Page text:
Hurry up and wait… demystifying the divorce court docket
Here’s a peek behind the curtain into what goes on in your typical family law attorney’s office. A case gets filed and a hearing for temporary orders gets set for hearing. The lawyer instructs his or her staff to call the client and provide information regarding the date and time of the hearing.
Going to court is serious stress for most of us. If you’re going through a divorce or custody case, it’s the kind of stress that gnaws at you every minute of every day. Preparations have been made for court, you have rallied your witnesses and gathered key documents. The court date arrives: you arrive early; wait patiently for hours; and nothing happens. You confer with your lawyer and learn you’ll have to come back another day.
Rewind to that call from the lawyer. Here, it should have been explained that your case is set on the court’s docket for a particular date and time. Being on the docket and being heard by the court are sometimes two different things!
So, what exactly is a docket. Webster’s defines “docket” as, “a calendar of cases awaiting court action.” In Tarrant county and other large counties throughout Texas, family courts have a docket almost every day of the week. The docket may consist of as many as twenty cases… all scheduled within a three-hour window of time.
At the beginning of each court session, the Judge will call the docket and, in response, lawyers will provide the Judge with a brief synopsis of his or her case, and an estimate of the time required to present evidence. Depending on a number of factors, the Judge will then “order” the cases on the docket, usually handling brief, rather simple matters first, before moving on to more contested cases. Depending on the number of cases and their complexity, some cases simply cannot be heard when they are set and need to be reset for another date, several weeks in the future.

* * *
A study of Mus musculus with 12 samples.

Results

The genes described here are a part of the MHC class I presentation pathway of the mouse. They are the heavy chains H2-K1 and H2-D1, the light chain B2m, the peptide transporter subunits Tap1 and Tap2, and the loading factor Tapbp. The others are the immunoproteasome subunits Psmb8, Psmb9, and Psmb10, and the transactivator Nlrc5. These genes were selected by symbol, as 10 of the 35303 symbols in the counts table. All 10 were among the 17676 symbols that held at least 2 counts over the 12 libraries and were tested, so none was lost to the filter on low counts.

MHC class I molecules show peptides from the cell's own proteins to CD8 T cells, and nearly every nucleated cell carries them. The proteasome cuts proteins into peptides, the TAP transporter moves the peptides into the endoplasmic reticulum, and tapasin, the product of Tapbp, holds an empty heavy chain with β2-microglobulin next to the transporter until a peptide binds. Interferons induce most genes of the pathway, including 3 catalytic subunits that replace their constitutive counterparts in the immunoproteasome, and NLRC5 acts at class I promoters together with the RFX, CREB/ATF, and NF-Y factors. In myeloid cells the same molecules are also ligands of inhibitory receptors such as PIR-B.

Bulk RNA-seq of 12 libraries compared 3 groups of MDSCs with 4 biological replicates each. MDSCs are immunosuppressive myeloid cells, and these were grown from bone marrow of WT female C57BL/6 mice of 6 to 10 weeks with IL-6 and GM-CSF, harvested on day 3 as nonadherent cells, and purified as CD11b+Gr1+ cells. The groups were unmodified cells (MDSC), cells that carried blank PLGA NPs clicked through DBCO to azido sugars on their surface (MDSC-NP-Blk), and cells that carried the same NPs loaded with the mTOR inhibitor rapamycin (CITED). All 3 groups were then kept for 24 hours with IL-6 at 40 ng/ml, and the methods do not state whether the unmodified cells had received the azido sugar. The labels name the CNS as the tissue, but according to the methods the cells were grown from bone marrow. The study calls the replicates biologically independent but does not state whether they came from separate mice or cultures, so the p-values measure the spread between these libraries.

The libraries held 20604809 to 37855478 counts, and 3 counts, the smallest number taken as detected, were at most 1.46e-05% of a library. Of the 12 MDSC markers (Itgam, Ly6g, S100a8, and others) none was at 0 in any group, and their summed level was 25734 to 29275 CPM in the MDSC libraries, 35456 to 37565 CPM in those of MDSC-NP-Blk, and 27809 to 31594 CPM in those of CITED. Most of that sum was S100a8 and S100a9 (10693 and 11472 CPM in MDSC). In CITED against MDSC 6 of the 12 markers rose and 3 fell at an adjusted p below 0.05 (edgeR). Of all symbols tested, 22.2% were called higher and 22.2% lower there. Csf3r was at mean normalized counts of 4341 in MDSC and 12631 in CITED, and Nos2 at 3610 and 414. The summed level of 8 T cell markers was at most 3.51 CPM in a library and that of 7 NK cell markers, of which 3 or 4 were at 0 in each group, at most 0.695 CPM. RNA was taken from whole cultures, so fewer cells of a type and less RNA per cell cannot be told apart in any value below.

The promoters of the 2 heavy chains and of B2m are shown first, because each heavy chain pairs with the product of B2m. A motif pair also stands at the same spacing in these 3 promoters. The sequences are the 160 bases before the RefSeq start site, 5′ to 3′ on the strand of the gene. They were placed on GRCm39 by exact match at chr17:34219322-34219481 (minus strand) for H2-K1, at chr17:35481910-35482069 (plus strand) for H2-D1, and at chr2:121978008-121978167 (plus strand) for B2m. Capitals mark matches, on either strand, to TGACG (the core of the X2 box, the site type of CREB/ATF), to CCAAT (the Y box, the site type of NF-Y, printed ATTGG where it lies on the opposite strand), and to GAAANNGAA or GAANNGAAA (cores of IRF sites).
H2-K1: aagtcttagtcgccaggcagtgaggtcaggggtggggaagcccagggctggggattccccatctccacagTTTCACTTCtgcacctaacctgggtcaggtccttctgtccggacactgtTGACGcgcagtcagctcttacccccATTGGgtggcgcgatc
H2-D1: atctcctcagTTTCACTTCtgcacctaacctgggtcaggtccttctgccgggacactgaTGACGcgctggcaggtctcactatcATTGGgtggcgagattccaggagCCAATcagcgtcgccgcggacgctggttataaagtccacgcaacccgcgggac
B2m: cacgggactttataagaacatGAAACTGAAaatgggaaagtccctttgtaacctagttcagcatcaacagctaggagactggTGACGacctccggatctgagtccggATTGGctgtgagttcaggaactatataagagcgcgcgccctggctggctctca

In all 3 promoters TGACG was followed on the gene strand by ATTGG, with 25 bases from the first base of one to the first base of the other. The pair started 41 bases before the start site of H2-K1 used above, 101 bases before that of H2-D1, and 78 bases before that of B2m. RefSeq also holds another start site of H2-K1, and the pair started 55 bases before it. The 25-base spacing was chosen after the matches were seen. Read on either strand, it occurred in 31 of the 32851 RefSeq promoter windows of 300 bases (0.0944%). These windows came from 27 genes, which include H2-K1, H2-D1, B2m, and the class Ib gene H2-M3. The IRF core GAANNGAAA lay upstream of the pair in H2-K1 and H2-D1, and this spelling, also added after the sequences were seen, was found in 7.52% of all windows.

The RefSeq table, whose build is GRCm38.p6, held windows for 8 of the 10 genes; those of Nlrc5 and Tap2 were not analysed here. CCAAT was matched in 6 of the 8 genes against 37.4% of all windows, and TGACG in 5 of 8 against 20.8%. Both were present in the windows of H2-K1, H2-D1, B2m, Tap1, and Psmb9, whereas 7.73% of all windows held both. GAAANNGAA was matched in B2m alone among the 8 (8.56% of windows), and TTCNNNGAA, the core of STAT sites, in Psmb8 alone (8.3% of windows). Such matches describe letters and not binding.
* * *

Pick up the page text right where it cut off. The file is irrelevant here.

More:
Why are things in family court so unpredictable? Here, it may help to know that, on any given morning, as many as half of the cases set on the docket may settle without the need for court intervention. For instances, lawyers and their clients will use the court setting as an opportunity to discuss the issues and work towards an interim agreement. Because of this, family courts will often set too many cases on the docket, playing the percentages in knowing many of those cases will settle. While it can be frustrating, and even heartbreaking at times, this practice allows our family courts to dispose of a high volume of cases each year.
At Schreier & Housewirth Family Law, we’ve been helping Tarrant county divorce and child custody clients navigate the legal system for almost 30 years. Clients have come to respect our no nonsense advocacy and our straightforward advice. If you are in a difficult divorce or custody case and feeling overwhelmed, turn to us for help… we’re here to help.